Colin Bryce takes a trip back to where it all began for the oil markets

Texas Monthly magazine led its October 1984 issue with an article on the activities of a new breed in the international oil industry. These new entrants were described as "financial speculators, con artists, impoverished aristocrats, former tennis pros, [and] ambitious young college and B-School grads looking to make their fortune as fast as they could". The author was, of course, describing oil traders.

Before the early 1970s, the profession of trading oil was not one which featured alongside geologists, geophysicists, and production and refinery engineers. Once oil had been discovered and produced, it remained within a small group of sovereign states and major oil companies (particularly the so-called ‘Seven Sisters’) to be refined, distributed and sold on to consumers.

Henry Longhurst’s 1959 book Adventure in Oil: The Story of British Petroleum spanned the history of BP from its founding in 1908 as the Anglo-Persian Oil Company through the following 50 years while making no mention whatsoever of trading across its 286 pages.

Enter the traders

It was not until around 1970 that Pincus Green, a colleague of Marc Rich at Philipp Brothers (Phibro), is credited with initiating the first trading in tankers of oil. And it remained a very limited, although reputedly highly profitable, activity for a number of years.

Before the early 1970s, the profession of trading oil was not one which featured alongside geologists, geophysicists, and production and refinery engineers

The embargo placed on consuming countries supporting Israel at the time of the 1973 Yom Kippur War by producing nations who were rapidly taking control of their resources from the concessionaires (via participation and nationalisation) led to a need for certain of these  producers to secure sales beyond their traditional lines of trade. Over the following few years, the leakage of volumes from those countries—which were inexperienced in the logistics of moving oil—led to the early establishment of intermediaries to handle this challenge.

The start of production from the North Sea—from where, in 1975, the first oil was produced from the Argyll field—and its fast production ramp-up only increased third-party availability. The hegemony of the Seven Sisters was vanishing fast.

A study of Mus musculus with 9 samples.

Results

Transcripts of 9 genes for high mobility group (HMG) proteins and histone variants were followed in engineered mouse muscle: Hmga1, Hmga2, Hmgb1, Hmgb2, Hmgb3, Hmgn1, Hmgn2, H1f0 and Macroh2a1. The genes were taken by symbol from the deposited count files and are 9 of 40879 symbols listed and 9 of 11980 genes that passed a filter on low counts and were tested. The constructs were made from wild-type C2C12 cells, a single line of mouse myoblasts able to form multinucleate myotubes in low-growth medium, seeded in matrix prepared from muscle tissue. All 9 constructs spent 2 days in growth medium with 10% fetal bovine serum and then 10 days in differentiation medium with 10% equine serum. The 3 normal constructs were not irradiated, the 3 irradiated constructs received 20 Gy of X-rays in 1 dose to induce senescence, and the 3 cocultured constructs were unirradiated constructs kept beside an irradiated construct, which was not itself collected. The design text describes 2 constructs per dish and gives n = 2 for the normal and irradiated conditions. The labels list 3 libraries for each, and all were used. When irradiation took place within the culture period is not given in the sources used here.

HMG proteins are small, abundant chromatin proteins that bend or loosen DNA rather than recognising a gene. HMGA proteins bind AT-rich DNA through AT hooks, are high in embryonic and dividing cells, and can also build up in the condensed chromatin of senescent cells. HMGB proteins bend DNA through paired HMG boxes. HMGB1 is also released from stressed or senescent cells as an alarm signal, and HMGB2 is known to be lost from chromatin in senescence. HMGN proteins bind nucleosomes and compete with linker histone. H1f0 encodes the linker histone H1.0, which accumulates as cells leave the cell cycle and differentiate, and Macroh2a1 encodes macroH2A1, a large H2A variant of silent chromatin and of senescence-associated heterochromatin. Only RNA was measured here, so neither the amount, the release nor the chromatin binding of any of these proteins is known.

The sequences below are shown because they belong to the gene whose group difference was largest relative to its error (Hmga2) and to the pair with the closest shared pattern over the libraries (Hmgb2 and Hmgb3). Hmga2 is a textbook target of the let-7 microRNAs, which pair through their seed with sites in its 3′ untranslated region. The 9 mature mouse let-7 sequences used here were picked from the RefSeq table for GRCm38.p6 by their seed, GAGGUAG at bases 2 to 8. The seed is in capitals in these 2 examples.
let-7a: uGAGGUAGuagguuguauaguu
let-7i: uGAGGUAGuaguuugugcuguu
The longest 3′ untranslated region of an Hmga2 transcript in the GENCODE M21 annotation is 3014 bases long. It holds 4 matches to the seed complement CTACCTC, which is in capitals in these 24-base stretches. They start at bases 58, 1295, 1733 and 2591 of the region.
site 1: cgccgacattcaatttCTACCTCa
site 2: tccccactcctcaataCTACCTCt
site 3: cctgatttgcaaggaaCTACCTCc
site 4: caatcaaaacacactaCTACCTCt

The story of oil trading saw another seminal event in 1976. The founding of the British National Oil Corporation (Bnoc) had a long-lasting impact on producers, consumers and Opec—even if the corporation itself had a short lifespan.

There are contested views as to why the Labour government of the day, and particularly then energy secretary Anthony Wedgwood Benn, set up a state oil company. Ostensibly, it was to deal with concerns surrounding security of supply to the UK and to administer the government’s North Sea ‘take’.

However, there is a view that the administration wanted to punish BP for its unwillingness to favour the UK with secure supplies during the 1973 embargo. Alongside that, there was an opportunity for a socialist government to extend the principle of nationalisation to a critical part of the economy and also to pacify the Scots—who believed it was ‘their’ oil and whose nationalism was threatening traditional Labour party heartlands—by locating the head office of the new organisation in Glasgow (even if power always remained at Stornoway House in London).

Led by the charismatic but fearsome Alastair Morton, Bnoc’s attack dogs—among them Peter Ross and Robin Atkins—were let loose on the producers of the UK continental shelf, including its largest actors. Their mandate, backed by acreage allocation in future licensing rounds being in the government’s gift, was to secure state participation in the oil being produced.

This was done and dusted by late 1977, with Bnoc consequently becoming central to the pricing and trading of crude oil from 1979 until its abolition in 1985—it was part-privatised to become Britoil in 1982challenging even Opec as the key determiner of market price. It played an additional role at the time of the UK’s 1984-85 miners’ strike by quietly buying up and storing fuel oil on behalf of the government.

By 1979, long-term contracts and posted prices were fading fast, to be replaced by contracts with quarterly price negotiations. An increasing availability of cargoes outside traditional channels with which traders could work also ensued.

Colin Bryce is a founder of consultancy Energex Partners and has 42 years of experience in oil trading. Part 2 of Colin’s six-part London crude trading’s ‘Good Old Days’ series will be published on 24 July.

If you ‘were there’ and would like to add your memories of the events, characters and locations that shaped the development of the crude market in London or another hub, please reach out to to discuss how to contribute.